By Will Soutter
Scientists from CNRS and Aix Marseille Université have successfully created a bio-inspired light called nanoantenna for the first time using two gold nanoparticles, short DNA strands and a tiny fluorescent molecule that is capable of capturing and emitting light.
Schematic representation of a nanoantenna formed of two gold nanoparticles linked by a DNA double strand and supplied by a single quantum emitter. (© Busson, Rolly, Stout, Bonod, Bidault)
The researchers have reported their simple and user-friendly optical antenna in the Nature Communications journal. This work paves the way to develop highly efficient LEDs, ultra-compact solar cells and even finds use in quantum cryptography.
Similar to radio antennas that amplify radio waves of televisions and mobile phones, optical antennas can be used to amplify light signals because light is a wave. Nevertheless, nano-scale objects are required to confine light waves because of their ultrafast oscillation. Therefore, the optical counterpart of a basic antenna of dipole kind is a quantum emitter encircled by two nanoparticles.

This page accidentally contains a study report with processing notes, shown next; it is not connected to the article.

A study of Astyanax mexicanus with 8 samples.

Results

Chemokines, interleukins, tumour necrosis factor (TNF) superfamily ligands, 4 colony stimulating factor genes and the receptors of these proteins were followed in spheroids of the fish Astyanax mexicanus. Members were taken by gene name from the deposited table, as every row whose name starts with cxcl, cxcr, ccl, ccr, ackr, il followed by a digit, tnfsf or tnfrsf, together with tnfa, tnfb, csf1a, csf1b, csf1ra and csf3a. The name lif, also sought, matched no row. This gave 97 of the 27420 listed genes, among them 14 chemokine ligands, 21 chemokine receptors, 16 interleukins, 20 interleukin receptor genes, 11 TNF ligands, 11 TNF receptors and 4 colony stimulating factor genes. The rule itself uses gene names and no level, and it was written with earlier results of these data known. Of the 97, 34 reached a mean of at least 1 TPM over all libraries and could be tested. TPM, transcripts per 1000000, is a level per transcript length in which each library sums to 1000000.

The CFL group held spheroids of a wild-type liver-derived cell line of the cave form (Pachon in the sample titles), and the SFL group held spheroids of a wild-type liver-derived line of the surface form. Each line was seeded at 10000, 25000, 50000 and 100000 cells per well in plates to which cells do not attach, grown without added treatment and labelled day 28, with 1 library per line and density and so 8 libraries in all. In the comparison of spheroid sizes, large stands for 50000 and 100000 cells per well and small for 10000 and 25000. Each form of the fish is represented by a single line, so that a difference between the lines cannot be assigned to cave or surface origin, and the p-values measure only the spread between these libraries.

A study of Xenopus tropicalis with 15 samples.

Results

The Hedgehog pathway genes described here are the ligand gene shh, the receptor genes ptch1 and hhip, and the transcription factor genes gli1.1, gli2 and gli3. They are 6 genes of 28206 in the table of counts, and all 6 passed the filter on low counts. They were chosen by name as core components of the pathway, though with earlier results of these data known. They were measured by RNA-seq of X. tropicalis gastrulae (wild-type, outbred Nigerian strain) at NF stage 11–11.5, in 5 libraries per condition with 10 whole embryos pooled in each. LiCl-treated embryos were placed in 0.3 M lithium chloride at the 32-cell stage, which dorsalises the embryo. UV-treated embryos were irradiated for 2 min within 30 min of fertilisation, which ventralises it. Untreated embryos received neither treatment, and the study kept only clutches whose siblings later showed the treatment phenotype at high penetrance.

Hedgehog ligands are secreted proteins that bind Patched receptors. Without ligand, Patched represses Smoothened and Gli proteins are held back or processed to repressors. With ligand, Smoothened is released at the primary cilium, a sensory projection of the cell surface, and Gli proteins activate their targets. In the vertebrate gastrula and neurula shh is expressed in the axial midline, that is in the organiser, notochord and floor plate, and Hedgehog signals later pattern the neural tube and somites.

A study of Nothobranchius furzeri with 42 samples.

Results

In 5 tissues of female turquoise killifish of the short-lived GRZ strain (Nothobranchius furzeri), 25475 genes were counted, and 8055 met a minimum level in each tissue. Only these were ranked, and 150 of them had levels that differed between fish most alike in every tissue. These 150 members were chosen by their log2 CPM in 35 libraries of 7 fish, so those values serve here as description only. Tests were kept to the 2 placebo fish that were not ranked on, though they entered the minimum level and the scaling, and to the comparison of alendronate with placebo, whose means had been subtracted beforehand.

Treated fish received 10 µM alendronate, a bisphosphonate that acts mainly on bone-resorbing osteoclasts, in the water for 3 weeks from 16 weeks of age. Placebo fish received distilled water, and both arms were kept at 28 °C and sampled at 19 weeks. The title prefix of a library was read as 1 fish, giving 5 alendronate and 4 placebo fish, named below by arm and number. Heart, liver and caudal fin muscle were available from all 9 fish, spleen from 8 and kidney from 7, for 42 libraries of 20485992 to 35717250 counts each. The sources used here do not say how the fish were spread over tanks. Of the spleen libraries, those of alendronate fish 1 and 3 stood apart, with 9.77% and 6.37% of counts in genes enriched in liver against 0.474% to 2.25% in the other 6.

The researchers embedded a fluorescent organic colorant, and 36-nm-diameter gold particles into short artificial DNA strands. The fluorescent molecule behaves like a quantum source, providing photons to the antenna, while interplay between the light and the emitter has been amplified by the gold nanoparticles. The researchers created several billion replicas of these particle pairs in solution in parallel through the control of the fluorescent molecule position with nanometric accuracy because of the DNA backbone.
These features outclass the potential of existing lithography techniques utilized in designing microprocessors. Such miniaturization opens the door to develop more compact solar cells, faster detectors, and high-efficiency LEDs, in the longer term. These nanosources of light hold potential in quantum cryptography.